CHICAGO -- On Sunday night, five years to the date after he scripted a storybook start by homering in his first Major League at-bat, Jason Heyward made the second debut of his career.
Heyward may have flexed his power potential for the Braves in that first one, but his first regular-season game with the Cardinals served as a more complete showcase of the player he has become. To put a twist on a line once infamously spoken about the football team in this town -- he was who the Cards hoped he would be.
"Just an exciting player," Cardinals manager Mike Matheny said after Heyward went 3-for-5 with a stolen base and a run scored in St. Louis' 3-0 win over the Cubs on Opening Night at Wrigley Field. "Just playing with an edge. That's something he brings."
Of course, it's just the first episode of a 162-game courtship that the Cardinals hope leads to a lengthy relationship. But whatever the long-term may hold, the Cards are bubbling with optimism about what could become of the player they valued so much that they parted with two young pitchers for only one year of guaranteed control.
Fitting into the No. 2 hole that he'll occupy until further notice, Heyward showcased his extra-base potential as he joined Aaron Miles and Dick Allen as the only players to double twice in their Cardinals debut. Heyward added a single in his third at-bat against Cubs left-hander Jon Lester, showed off his speed with a stolen base shortly after and provided a steady defensive presence in right field. His catch on Chris Coghlan's ball to the wall closed Adam Wainwright's six-inning scoreless effort.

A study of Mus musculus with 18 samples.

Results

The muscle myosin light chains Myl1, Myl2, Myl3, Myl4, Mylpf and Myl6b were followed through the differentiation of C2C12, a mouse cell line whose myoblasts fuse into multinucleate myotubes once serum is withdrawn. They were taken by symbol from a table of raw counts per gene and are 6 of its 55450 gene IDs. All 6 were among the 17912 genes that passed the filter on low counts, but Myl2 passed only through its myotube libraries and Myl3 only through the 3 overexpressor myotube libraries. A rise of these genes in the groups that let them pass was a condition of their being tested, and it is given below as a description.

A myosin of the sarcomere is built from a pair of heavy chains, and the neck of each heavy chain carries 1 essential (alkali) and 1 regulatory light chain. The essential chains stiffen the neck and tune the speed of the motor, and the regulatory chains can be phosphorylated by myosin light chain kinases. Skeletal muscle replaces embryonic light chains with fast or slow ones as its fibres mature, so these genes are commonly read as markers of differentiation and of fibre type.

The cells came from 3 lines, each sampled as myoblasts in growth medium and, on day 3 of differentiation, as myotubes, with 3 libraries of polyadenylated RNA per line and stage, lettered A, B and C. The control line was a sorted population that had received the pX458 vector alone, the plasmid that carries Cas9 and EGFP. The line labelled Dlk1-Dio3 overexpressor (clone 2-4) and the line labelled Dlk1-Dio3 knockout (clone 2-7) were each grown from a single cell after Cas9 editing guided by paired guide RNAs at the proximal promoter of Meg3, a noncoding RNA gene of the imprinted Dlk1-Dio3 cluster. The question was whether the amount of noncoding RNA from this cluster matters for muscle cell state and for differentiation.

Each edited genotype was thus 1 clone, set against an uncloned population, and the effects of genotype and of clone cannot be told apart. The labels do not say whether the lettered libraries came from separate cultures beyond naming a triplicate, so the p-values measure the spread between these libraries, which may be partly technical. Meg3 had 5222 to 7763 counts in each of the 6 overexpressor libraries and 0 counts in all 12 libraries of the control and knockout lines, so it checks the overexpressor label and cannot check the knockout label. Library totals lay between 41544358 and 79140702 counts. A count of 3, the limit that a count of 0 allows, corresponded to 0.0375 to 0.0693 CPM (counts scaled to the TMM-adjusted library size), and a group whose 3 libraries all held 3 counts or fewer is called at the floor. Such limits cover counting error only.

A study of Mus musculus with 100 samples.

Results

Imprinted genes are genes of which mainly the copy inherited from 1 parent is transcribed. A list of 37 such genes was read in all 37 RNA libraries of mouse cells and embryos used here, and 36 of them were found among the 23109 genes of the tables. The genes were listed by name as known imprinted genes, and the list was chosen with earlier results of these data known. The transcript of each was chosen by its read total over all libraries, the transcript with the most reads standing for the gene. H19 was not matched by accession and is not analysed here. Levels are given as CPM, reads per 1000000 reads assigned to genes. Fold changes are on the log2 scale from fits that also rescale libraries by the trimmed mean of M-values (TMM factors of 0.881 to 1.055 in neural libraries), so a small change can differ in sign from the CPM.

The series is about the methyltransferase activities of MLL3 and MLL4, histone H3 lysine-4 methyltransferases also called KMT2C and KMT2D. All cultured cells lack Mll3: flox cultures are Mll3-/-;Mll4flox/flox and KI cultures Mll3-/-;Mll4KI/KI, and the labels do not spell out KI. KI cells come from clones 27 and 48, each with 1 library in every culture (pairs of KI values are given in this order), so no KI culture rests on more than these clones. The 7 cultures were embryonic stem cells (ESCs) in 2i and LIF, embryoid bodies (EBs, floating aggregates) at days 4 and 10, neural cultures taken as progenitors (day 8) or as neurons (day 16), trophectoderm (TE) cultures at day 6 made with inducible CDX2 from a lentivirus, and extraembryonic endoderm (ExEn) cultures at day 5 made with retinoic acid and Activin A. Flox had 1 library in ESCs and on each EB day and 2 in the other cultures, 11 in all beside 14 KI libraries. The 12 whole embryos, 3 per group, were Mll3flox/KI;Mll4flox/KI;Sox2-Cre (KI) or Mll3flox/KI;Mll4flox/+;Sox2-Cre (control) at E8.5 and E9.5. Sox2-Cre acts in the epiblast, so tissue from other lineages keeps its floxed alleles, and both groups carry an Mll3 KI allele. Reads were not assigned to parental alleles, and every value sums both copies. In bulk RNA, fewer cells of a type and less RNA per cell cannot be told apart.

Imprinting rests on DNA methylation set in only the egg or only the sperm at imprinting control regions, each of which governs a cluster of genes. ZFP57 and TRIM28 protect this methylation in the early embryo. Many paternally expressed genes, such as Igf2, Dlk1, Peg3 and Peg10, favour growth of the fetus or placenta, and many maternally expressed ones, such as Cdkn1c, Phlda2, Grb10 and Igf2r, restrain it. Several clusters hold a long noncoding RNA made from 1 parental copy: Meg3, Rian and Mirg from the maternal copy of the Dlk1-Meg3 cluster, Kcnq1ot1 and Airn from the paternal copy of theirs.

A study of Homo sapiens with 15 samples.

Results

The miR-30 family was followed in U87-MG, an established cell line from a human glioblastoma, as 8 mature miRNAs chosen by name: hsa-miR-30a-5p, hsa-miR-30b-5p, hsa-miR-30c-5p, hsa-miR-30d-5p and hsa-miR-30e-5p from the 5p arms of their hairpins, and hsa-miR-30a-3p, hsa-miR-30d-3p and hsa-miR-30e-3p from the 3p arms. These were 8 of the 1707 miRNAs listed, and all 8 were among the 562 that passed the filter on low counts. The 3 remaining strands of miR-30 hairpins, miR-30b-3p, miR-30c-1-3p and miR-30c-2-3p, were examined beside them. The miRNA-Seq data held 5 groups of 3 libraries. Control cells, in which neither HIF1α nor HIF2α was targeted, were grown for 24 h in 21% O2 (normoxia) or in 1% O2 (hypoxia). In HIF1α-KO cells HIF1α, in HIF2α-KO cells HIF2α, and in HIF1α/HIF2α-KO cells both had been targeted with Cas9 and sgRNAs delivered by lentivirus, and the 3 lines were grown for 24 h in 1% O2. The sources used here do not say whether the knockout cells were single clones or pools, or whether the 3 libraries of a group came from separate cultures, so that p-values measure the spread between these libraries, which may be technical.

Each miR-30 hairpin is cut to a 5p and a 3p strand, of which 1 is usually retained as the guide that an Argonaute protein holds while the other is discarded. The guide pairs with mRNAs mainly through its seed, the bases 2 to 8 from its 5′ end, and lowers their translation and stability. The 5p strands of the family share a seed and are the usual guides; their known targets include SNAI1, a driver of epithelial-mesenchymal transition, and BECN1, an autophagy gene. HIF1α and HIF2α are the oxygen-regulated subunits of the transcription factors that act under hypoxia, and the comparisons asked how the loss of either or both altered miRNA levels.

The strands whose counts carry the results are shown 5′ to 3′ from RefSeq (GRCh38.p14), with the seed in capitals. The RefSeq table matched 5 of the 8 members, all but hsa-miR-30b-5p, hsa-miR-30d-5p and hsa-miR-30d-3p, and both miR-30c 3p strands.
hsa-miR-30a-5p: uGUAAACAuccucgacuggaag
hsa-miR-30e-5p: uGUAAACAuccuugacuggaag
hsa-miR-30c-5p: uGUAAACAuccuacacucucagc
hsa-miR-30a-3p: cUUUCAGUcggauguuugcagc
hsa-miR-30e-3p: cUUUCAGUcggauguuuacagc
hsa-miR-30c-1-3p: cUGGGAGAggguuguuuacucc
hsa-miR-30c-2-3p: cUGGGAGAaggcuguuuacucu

"I think tonight you saw exactly what kind of player he is," said leadoff hitter Matt Carpenter, who twice got on base ahead of Heyward. "You see that on a really good team with a really good lineup, he can just do his thing. He doesn't have to carry anybody. He can just do his part. Tonight was a good example of that."
As timing would have it, not only did Heyward's two team debuts fall on the same date, they also came against the same opponent. It was former Cubs ace Carlos Zambrano whom he took deep that afternoon in Atlanta.
And while the one-game sample size won't hush questions about whether Heyward can improve his production against lefties, it was at least a start. A career .221/.301/.349 batter against southpaws, Heyward had his first three-hit game off a lefty since 2012 -- when he also did so against Lester.
Heyward was also a part of a top-third of an order than combined for seven hits and contributed to all three runs. Heyward, never one to view himself as a leadoff hitter, even as he filled the spot with Atlanta, hasn't been shy in expressing how comfortable he is with his lineup placement.
"Selfishly, I'm a lucky guy to be able to hit between those two," Heyward said, referring to Carpenter and No. 3 hitter Matt Holliday. "[Holliday] can do damage, and Carp, he sees so many pitches and has good ABs. I'm going to be kind of spoiled in between them."